HIGHLANDS REGIONAL NEWS NEWS PARLIAMENTARY OPPOSITION

NAMAH QUESTIONS NEW PORGERA DEAL

PNG Parliamentary Opposition Leader, Belden Namah this evening took yet another swipe on the Porgera Mine reopening deal.

The Parliamentary Opposition’s backlash stemmed from Prime Minister James Marape who led a delegation to Porgera on Friday. https://postcourier.com.pg/new-deal-for-porgera-mine/

Opposition Leader Belden Namah.

PM MARAPE UNDER FIRE ON PORGERA DEAL

Operator Barrick CEO and president, Mark Bristow accompanied PM and his delegation. Their visit was to hand over the mine agreement framework to Enga Provincial Government and landowners.

They overnighted in the mining town.

Next day, Enga Governor Sir Peter Ipatas took the Prime Minister and the delegation for a tour at impact projects taking place in Wabag District.

Prime Minister James Marape with his delegation in Porgera. Photo: PM’s Media

Projects include Sopas Enga Nursing College, Irelya Hospital and others.

In a media statement, Namah described the deal as ‘no deal.’

Porgera new deal has ceded virtually everything to Barrick and its Chinese partner Zijin Mining Group and left PNG an empty promise on paper.

Belden Namah, PNG Opposition Leader


He said PM Marape visited Porgera with an assurance for a “superior” and a “way forward” deal.

However, Namah claims that in truth there is minimal benefit for PNG.

At Porgera last weekend we finally realised that there is nothing in this new deal for which PNG has closed an operating mine and forgone billions in revenue and benefits. “In the end, the same miner remains on terms that are far superior than previously where it can now keep almost all the revenue from the mine for the next ten years.

Namah

NAMAH TO MARAPE: YOU LOST YOUR GROUNDS


In addition, Namah said PM Marape seemingly has already overlooked his justifications for rejecting the re-granting of an SML to BNL.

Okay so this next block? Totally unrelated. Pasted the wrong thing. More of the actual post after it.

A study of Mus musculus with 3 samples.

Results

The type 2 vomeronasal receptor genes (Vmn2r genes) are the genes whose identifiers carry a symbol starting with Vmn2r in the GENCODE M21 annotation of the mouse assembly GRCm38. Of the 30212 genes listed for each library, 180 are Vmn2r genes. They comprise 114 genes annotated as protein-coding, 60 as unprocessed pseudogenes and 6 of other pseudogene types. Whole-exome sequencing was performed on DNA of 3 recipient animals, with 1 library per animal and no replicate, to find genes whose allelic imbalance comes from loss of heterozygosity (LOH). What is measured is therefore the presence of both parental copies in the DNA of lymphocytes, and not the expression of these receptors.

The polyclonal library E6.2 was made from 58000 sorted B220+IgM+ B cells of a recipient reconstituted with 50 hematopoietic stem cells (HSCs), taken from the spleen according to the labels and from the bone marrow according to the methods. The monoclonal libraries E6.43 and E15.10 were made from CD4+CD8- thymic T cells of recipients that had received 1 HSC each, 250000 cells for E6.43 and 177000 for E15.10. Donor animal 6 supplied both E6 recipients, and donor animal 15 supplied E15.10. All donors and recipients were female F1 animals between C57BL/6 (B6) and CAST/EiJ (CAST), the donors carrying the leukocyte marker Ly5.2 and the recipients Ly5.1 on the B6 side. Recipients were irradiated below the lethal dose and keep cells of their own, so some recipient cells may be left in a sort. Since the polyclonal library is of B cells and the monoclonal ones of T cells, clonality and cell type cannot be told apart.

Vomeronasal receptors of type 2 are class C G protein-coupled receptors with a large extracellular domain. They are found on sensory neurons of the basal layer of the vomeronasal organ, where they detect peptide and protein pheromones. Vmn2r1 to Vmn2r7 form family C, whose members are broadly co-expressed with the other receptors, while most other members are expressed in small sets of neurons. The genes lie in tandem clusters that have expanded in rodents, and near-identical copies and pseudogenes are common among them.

“The reasons Barrick were outstanding environmental landowner relocation, outstanding taxation and humanitarian issues.


Further, he said LOs, Mineral Resources Enga, Kumul Minerals, and EPG will not receive any dividends over the ten years that Barrick has agreed to operate the mine except for taxes and royalties.

“The Framework Agreement(FA) states that Legacy issues are in the “OLD PORGERA BASKET.”

Governor-General, Sir Bob Dadae, Barrick CEO Mark Bristow and PM Marape after the siginig of the instrument to reopen the mine. Photo: PM’s Media


“What does that mean? Why has Marape allowed this when it was legacy issues that he used to refuse renewal of the Special Mining Lease in the first place?


“Will the old Porgera legacy issues be transferred to the new Porgera deal or will it be left to PNG and only assets are transferred?

This was critical and central to the entire shutdown. It has cost the nation, provincial government, landowners, contractors and employees hundreds of millions of Kina.

WHO IS RESPONSIBLE FOR LEGACY ISSUES?


“How will State and Barrick compensate for the Legacy issues?


“This is the question raised by those closest to Mr Marape in this issue.
“The real questions that need answering are the following:


Who is paying for PNG’s 51% equity? Where is the money coming from? If it is a loan, where is the source and what are the terms for this loan?


If Kumul’s 36% is to be paid for by Barrick and recouped over the next 10 years, there can be no dividends to Kumul and the State. Then where does Kumul find money to buy 100 percent of the mine? That is when it is due in ten years as per the Marape deal?


“KMHL will not receive any cashflow until at least year 2031.

Prime Minister James Marape greeting locals in Porgera, Enga Province. Photo: PM’s Media

NEW BENEFIT REGIME


“The LO 10% and MRE 5% will also presumably be paid by Barrick but we have no details as yet.


The PM, he said, is also silent the future of the Porgera work force and current mine contractors.


“Barrick will take home almost all dividends for the next ten years. That is in addition to a hefty management fees and equal representation on the board.

“How is this a good deal for PNG, Mr Marape?
“The worst part of this tragic fiasco is the fact PM has allowed Barrick to negotiate on its K1.2 billion tax liability.

Barrick has put that as a condition for reopening the mine, he said. Furthermore, he said it seemed Barrick has convinced Marape to accept this.

The mine started operating since 1989.